DHS Testing ‘Squid’ to Halt Border-Jumping Vehicles
By Stew Magnuson and Matthew Rusling
The Department of Homeland Security is funding technology aimed at stopping drug runners and migrants from speeding through border checkpoints.
The department is testing the Safe Quick Undercarriage Immobilization Device, or SQUID, to stop rogue drivers in their tracks. The 1.5-foot-wide disc is a portable trap that can be planted in roads near border crossings. Once deployed, a mass of tentacles springs out and ensnares a vehicle’s axle, causing it to suddenly halt.
Such vehicles have in the past hit and killed U.S. border agents, said Mark Kaczmarek, DHS program manager of the border and maritime security division at the science and technology directorate.
Stopping vehicles is fraught with danger. Authorities can fire at a fugitive’s tires, but hostages or children in the car could be harmed. Barriers or spikes can cause runaway drivers to swerve into other vehicles.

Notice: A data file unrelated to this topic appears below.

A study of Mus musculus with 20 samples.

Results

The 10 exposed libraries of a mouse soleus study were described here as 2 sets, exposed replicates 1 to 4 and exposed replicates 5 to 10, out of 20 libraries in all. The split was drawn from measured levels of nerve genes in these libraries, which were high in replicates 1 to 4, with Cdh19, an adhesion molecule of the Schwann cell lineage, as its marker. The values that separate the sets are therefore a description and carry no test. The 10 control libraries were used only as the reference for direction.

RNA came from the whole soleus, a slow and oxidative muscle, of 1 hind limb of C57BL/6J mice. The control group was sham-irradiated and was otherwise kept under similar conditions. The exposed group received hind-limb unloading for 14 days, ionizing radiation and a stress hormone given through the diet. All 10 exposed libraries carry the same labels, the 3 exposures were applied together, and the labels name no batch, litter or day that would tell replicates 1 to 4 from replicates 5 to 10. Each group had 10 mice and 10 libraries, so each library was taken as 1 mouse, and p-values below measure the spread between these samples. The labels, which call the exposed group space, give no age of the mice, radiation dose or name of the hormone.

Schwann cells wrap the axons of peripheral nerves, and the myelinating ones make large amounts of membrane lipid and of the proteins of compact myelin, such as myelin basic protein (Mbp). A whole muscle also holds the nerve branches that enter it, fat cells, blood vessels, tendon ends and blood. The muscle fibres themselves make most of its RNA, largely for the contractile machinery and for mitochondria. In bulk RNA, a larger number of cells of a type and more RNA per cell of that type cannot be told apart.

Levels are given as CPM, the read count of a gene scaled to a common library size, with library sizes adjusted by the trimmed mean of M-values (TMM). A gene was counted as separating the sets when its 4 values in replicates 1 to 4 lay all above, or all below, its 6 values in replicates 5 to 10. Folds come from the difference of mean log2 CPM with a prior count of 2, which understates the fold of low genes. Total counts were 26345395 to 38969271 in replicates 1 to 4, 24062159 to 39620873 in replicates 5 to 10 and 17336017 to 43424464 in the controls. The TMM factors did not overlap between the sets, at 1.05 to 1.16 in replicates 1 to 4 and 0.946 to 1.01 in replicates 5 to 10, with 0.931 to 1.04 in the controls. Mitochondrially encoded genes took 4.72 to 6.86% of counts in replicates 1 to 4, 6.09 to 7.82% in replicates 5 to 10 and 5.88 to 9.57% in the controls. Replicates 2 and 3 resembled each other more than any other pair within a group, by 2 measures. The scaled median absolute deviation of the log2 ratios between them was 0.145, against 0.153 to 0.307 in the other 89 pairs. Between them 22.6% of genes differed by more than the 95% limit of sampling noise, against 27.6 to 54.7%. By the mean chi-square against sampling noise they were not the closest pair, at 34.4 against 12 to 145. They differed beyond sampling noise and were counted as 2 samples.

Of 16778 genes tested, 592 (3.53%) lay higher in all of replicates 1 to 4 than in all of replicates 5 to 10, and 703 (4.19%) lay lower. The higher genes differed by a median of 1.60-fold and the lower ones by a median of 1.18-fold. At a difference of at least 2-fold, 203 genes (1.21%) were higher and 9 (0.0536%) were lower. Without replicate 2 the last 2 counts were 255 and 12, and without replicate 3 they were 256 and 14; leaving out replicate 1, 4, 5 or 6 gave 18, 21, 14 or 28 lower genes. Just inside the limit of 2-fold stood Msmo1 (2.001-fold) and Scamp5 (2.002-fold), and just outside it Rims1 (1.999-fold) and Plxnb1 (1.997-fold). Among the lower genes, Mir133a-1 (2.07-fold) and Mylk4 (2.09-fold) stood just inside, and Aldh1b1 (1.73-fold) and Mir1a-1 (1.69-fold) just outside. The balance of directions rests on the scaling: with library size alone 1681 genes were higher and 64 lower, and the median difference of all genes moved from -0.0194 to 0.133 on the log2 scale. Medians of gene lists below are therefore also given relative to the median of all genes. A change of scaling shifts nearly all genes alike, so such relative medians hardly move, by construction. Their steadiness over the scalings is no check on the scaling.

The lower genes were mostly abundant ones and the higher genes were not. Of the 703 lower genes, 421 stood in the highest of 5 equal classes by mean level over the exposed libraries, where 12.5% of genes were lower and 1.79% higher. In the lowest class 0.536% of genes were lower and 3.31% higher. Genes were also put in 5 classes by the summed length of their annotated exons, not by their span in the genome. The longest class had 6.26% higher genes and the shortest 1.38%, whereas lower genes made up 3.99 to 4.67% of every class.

While existing elastic traps can halt a compact car, they can’t stop a sport utility vehicle, DHS noted in a statement. The SQUID, however, employs straps made of Kevlar, the same material used in bullet-proof vests, Kaczmarek said.
The project is the brainchild of Engineering Science Analysis Corporation of Tempe, Ariz. “SQUID was inspired by a sea creature and a superhero,” said ESA President Martín Martínez in a statement. Indeed, with its many tentacles, the deployed device resembles the sea creature.
State and local police agencies along with Customs and Border Protection and Immigration and Customs Enforcement are interested in using the technology, Kaczmarek said.
One downside is that a border agent must be present to trigger the device. But if that officer is injured or killed, a suspect could escape. The SQUID could be configured to initiate automatically, although DHS would have to invent a mechanism for this, Kaczmarek said.
For now, the prototype is still undergoing testing. Last summer, it halted a pickup truck driving at 35 mph. But researchers are aiming to stop a 5,000-pound vehicle — such as a Ford F-150 — speeding at 120 mph. They are also working toward making the device lighter than its current 20 pounds and cheaper than its $1,000 price tag, Kaczmarek said.